Community Breaking Down Barriers in Healthcare and Venture Capital

by the editorial team at Citi | September 22, 2021


Erica Plybeah, the founder of a technology startup called MedHaul, veered from her career path and staked her retirement savings in order to launch her company.

Based in Plybeah’s hometown of Memphis, TN, MedHaul’s mission is to make it easy for people with special needs to get to the doctor. MedHaul has built a technology platform to help healthcare providers find and book rides for vulnerable patients and those with special needs so they can reach their medical appointments and receive care.

It solves for a challenge that is bigger, and more detrimental, than many realize. Millions of people miss medical appointments due to transportation issues, and healthcare providers lose millions of dollars due to no-show patients. In fact, transportation is a leading social determinant of health (SDOH) — meaning a lack of access to transportation to medical care may worsen a person’s health outlook. 

It was Plybeah’s struggle to help her mom get her grandmother, a diabetic, to and from her doctor visits that led her to launch MedHaul. “It was just honestly a nightmare for our family,” she says of the experience. “I thought that there had to be an easier way to find and book this transportation.”

As a Black woman whose company is based in Tennessee — well outside the tech industry’s perceived centers of activity — Plybeah faced obstacles in securing seed funding to scale MedHaul. “Most tech founders in the ecosystem tend to have a certain profile, and I didn't match that profile,” says Plybeah. “I wasn't based in a certain location, didn't go to a certain school... You go into investors’ offices, and this is the first time they’ve ever even seen a black female founder, let alone have never invested in one.”

In seeking out investments from venture capital (VC) firms, she says she had to navigate what she calls quadruple due diligence.

“It’s a term that a lot of us founders use, which explains the extra level of scrutiny that black founders typically have to go through,” she says. “Additional paperwork, additional meetings to figure out if our company is a good fit for the fund… Founders know what goes on in rooms because we talk to other founders.” (According to Project Diane, of all VC investment raised from 2009 to 2018, 0.06% went to Black women-led firms.)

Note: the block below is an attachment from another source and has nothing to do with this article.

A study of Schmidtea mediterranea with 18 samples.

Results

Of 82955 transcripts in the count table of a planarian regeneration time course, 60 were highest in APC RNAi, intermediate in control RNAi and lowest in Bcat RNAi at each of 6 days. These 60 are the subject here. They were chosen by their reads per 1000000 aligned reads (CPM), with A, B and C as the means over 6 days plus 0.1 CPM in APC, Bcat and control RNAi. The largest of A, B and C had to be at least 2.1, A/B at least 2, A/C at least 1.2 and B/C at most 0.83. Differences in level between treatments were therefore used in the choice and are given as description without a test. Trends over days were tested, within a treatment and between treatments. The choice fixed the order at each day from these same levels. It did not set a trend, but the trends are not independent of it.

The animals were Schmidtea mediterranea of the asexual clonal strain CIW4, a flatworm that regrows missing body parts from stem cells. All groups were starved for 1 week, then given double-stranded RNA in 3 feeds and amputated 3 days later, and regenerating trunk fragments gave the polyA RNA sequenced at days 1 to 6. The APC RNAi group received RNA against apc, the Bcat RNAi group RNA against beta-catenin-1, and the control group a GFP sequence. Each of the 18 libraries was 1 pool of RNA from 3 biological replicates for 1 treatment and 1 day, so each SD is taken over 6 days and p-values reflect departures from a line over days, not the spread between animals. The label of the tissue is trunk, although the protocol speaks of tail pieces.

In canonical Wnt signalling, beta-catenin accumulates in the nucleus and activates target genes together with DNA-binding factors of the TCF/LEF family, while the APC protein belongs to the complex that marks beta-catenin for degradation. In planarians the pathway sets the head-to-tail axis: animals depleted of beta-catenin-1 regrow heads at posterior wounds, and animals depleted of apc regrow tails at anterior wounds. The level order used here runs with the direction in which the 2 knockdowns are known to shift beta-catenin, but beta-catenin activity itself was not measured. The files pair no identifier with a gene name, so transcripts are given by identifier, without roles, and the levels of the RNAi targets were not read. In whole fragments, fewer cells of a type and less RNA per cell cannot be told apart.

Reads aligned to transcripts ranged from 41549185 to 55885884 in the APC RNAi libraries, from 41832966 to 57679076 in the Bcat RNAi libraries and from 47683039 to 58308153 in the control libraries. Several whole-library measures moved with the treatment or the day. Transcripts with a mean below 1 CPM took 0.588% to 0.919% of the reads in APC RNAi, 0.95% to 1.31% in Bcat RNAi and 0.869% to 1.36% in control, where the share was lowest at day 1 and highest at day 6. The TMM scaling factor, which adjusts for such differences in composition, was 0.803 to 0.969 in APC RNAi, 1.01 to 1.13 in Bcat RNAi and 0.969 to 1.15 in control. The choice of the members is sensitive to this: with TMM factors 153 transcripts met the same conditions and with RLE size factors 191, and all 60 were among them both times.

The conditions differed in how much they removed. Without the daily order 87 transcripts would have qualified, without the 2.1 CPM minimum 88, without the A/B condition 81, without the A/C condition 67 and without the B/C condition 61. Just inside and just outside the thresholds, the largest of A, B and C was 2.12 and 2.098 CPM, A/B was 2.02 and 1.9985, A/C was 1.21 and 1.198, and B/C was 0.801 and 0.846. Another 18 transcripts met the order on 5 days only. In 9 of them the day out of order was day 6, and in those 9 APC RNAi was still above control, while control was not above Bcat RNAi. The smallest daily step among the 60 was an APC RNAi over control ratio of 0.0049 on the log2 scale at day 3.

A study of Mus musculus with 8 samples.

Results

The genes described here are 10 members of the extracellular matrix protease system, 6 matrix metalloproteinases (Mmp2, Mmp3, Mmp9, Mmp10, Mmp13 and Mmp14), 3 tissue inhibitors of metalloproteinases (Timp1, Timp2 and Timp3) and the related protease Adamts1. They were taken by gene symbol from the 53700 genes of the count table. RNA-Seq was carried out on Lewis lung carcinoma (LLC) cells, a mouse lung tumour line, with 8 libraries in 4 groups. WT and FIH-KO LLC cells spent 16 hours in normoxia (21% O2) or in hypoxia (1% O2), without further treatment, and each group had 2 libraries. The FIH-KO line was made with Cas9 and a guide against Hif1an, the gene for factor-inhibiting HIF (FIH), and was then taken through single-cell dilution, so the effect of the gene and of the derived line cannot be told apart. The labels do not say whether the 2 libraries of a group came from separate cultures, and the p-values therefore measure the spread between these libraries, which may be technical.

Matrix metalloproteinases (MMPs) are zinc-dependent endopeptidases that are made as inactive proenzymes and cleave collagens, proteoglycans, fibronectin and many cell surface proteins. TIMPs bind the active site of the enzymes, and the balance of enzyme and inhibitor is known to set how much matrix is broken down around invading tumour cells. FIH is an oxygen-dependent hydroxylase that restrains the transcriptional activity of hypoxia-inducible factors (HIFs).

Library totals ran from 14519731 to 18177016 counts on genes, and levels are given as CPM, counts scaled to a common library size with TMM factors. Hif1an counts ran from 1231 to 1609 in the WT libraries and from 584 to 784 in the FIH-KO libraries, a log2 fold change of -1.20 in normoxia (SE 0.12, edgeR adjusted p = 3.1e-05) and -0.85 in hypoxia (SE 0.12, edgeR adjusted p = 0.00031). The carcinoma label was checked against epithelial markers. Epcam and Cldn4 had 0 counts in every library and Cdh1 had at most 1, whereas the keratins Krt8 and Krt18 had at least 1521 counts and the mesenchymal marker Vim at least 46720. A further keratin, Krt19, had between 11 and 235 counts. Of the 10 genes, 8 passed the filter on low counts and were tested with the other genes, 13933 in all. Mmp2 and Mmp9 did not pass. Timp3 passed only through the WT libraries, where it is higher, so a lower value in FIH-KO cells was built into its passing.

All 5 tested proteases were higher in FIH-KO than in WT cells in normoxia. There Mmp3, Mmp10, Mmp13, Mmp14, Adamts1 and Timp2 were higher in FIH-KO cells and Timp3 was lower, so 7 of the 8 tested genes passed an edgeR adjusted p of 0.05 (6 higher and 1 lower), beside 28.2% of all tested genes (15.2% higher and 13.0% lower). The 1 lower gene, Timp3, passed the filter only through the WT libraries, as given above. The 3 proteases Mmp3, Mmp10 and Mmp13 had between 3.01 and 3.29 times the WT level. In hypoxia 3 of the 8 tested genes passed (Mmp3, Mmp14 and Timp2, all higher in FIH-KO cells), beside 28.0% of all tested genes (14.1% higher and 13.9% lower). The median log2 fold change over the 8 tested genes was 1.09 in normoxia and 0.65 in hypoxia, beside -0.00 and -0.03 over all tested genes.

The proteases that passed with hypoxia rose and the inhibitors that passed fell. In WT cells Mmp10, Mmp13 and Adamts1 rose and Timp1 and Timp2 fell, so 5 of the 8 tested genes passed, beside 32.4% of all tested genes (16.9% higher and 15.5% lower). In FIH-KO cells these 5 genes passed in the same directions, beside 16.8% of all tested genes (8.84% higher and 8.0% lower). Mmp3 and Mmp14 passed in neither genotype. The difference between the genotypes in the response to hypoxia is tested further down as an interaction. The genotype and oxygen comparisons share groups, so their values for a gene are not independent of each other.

“Erica and I met at a conference that was being held online due to COVID,” says Pendse, a Senior Vice President with the Citi Impact Fund, a $200 million VC fund launched in January 2020 aimed at investing in so-called double-bottom-line startups: private companies that are seeking be profitable and achieve social or environmental good.

“During that conference,” Pendse continues, “I happened to look at who had checked me out on LinkedIn. Erica had viewed my profile, so I viewed her profile and saw that she was leading a startup involved in bringing folks transportation to healthcare. I messaged her.” They got to talking, and Pendse learned MedHaul was seeking seed-stage funding. The Citi Impact Fund soon became an investor in MedHaul.

“I think I basically LinkedIn stalked her,” Pendse laughs.

Their connection came as Citi was enacting broad and groundbreaking commitments to help address inequalities that have perpetuated the racial wealth gap. Citi’s $1 billion Action for Racial Equity initiative, launched in September 2020, cuts across a host of issues including those related to housing, banking and business. The Citi Impact Fund received a $50 million infusion to specifically support Black founders as a means to help correct the lopsided landscape of VC investment.

“From the beginning, the Citi Impact Fund had a mission of supporting minority and women entrepreneurs,” Pendse notes, “but in conjunction with Citi's broader Action for Racial Equity initiative, this was seen as another way that the Impact Fund could further those goals.” And funding is only part of the commitment: “When the Citi Impact Fund invests in startups, we really are trying to bring all of Citi's resources to bear and support that founder.”

The COVID-19 pandemic has at once laid bare and worsened inequalities in access to healthcare. “If we're going to have a more cohesive society and country, it’s really important that we address those gaps,” Pendse says. “It’s exciting to watch Erica be part of that change.”

With Citi as a supporter, MedHaul has expanded its footprint outside Tennessee. Plybeah says MedHaul recently surpassed 8,500 rides facilitated. “To see that growth is really exciting,” Pendse says. “I'm just so happy to see Erica shine.”

Don’t miss the video above for more on MedHaul and the Citi Impact Fund.